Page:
Software engineer Mihai Parparita is at it again. After previously turning macOS 8 and earlier versions of Apple’s Mac OS into workable web apps, Paparita has released a new Mac OS emulator for the dearly departed Mac OS 9 at macos9.app. As part of his Infinite Mac series, Paparita takes old versions of the Mac operating system and engineers them so they run within a web browser.
When Mac OS 9 loads, one characteristic of the OS immediately stands out: It takes a long time to boot, which Parparita attributes to the “bloat in Mac OS 9 itself.” But once it’s up and running, the emulated Mac OS is surprisingly functional, and you can get actual work done with the included apps, including Microsoft Word, ClarisWorks, Adobe Photoshop, and KidPix.
Parparita’s Infinite Mac series includes system6.app, system7.app, and macos8.app for System 6, System 7, and Mac OS 8, respectively. As we wrote last year, the Mac OS 9 emulator has similarly faithful functionality to the original that allows you to create files and export them to your modern Mac. To bridge the worlds, Parparita created a “server” called The Other World that lets you drag and drop files to transfer them between the emulator and your modern Mac.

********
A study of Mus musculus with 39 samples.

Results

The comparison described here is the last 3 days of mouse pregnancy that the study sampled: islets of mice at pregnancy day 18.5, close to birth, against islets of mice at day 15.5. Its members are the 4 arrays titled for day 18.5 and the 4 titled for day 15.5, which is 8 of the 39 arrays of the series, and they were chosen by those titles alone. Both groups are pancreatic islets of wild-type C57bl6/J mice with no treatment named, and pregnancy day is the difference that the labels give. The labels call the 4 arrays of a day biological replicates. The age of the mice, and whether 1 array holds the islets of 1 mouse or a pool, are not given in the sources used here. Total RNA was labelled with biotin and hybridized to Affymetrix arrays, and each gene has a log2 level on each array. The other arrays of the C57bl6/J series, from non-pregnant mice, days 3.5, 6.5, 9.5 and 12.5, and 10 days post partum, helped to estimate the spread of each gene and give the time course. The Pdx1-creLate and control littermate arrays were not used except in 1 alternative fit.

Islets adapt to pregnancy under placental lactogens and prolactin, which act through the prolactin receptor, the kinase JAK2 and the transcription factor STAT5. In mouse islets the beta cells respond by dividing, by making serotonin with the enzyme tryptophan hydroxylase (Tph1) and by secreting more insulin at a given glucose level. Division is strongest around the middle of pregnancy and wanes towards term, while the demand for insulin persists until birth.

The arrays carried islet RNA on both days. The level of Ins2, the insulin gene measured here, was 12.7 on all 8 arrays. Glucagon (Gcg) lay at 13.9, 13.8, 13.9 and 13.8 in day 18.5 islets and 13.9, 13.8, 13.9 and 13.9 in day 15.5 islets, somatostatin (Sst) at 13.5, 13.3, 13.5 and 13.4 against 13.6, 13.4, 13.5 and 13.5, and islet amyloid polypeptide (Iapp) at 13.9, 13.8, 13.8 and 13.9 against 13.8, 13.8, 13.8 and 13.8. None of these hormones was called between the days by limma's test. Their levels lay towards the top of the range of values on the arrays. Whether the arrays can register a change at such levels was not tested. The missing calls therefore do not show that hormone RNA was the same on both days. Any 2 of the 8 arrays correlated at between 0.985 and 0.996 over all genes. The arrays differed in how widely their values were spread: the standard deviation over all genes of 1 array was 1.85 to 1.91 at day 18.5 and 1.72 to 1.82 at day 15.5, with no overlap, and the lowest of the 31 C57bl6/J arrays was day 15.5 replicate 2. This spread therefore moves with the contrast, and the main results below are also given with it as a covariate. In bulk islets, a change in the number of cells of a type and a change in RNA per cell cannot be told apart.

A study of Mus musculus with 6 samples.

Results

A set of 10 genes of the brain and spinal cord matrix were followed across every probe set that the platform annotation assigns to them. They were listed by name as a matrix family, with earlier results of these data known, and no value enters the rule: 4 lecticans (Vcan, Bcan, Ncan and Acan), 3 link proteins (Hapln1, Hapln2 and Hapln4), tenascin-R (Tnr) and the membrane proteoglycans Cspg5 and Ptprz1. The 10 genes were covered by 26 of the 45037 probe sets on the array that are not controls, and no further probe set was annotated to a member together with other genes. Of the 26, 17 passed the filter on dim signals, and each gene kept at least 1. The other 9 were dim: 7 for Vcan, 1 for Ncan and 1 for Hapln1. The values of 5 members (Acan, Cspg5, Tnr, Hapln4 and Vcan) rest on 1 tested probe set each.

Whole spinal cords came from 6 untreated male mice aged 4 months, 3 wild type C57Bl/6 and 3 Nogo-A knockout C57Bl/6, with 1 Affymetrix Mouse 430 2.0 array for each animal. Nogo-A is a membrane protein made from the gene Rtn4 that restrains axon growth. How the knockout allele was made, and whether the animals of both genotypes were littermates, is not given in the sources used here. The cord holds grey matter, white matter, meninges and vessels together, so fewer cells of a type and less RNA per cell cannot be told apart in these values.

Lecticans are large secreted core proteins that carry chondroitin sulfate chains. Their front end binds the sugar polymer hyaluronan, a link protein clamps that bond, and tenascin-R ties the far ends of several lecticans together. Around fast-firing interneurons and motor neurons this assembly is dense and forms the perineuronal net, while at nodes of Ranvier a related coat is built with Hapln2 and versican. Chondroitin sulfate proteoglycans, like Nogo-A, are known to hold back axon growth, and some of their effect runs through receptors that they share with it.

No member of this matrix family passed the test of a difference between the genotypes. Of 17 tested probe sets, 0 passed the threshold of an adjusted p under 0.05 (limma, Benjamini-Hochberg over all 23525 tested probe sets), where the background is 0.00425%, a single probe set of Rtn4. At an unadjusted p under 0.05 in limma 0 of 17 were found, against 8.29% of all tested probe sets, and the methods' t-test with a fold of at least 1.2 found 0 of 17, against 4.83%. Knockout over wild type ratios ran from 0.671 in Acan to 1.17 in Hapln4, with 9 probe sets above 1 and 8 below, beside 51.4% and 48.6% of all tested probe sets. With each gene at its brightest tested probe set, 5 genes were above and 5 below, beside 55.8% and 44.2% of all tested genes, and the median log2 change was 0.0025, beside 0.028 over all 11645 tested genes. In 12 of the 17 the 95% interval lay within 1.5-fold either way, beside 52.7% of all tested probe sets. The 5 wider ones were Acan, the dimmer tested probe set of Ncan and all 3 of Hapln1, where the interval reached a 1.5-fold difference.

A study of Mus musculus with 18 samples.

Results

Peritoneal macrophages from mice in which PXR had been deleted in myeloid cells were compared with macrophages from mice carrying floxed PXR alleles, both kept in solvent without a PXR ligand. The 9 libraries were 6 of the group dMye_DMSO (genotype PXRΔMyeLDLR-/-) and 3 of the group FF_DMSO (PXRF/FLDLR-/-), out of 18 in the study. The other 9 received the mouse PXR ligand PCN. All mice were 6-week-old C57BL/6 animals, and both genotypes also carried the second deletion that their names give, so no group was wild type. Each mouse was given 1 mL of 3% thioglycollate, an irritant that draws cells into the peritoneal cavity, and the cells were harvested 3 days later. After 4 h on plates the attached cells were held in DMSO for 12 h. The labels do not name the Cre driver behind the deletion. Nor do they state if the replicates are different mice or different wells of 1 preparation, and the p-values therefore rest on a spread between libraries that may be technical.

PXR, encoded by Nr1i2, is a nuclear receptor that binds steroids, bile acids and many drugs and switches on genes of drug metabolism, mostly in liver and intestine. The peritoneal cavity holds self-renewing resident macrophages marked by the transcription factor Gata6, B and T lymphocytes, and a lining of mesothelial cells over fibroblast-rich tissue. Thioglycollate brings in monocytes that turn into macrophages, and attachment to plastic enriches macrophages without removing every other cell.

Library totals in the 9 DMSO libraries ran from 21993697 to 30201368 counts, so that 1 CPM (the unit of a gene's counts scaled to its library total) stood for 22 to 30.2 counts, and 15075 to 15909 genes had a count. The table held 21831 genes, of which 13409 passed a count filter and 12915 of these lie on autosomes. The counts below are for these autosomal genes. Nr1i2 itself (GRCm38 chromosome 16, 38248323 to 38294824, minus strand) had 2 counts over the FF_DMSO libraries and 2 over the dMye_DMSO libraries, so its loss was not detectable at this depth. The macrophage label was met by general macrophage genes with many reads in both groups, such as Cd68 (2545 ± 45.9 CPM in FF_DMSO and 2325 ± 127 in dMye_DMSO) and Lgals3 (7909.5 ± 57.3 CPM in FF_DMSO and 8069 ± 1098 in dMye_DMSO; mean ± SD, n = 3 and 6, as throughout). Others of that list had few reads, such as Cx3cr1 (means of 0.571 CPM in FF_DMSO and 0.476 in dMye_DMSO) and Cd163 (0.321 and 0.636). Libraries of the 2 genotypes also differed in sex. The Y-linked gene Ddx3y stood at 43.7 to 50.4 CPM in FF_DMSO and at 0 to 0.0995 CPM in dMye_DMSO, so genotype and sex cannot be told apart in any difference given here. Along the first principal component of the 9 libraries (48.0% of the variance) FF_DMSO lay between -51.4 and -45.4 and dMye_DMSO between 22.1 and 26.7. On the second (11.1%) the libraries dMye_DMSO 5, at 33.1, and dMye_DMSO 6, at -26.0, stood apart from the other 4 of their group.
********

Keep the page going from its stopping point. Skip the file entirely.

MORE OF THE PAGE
Here’s one important tidbit to know if you’re planning to use macos9.app or the other emulators to do actual work. Pressing Command-W closes the browser window, not the window in the emulator, which may seem obvious to your brain but not your fingers. So if you are, say, writing an article about Parparita’s work in the macos9.app’s Nisus Writer and instinctively press Command-W to close the window you’re working in, you’ll close the entire browser window and lose all of your work. Be warned and save yourself from the aggravation I experienced first-hand while writing this.
Mac OS 9 was the last classic OS before Apple transitioned into the OS X series with a brand-new Unix-like system. When Apple introduced OS X.2 Jaguar at WWDC in 2002, Steve Jobs held a funeral for Mac OS 9, stating that “we say farewell to OS 9 for all future development, and we focus our energies on developing for Mac OS X.” And now 20 years later, it’s back from the dead.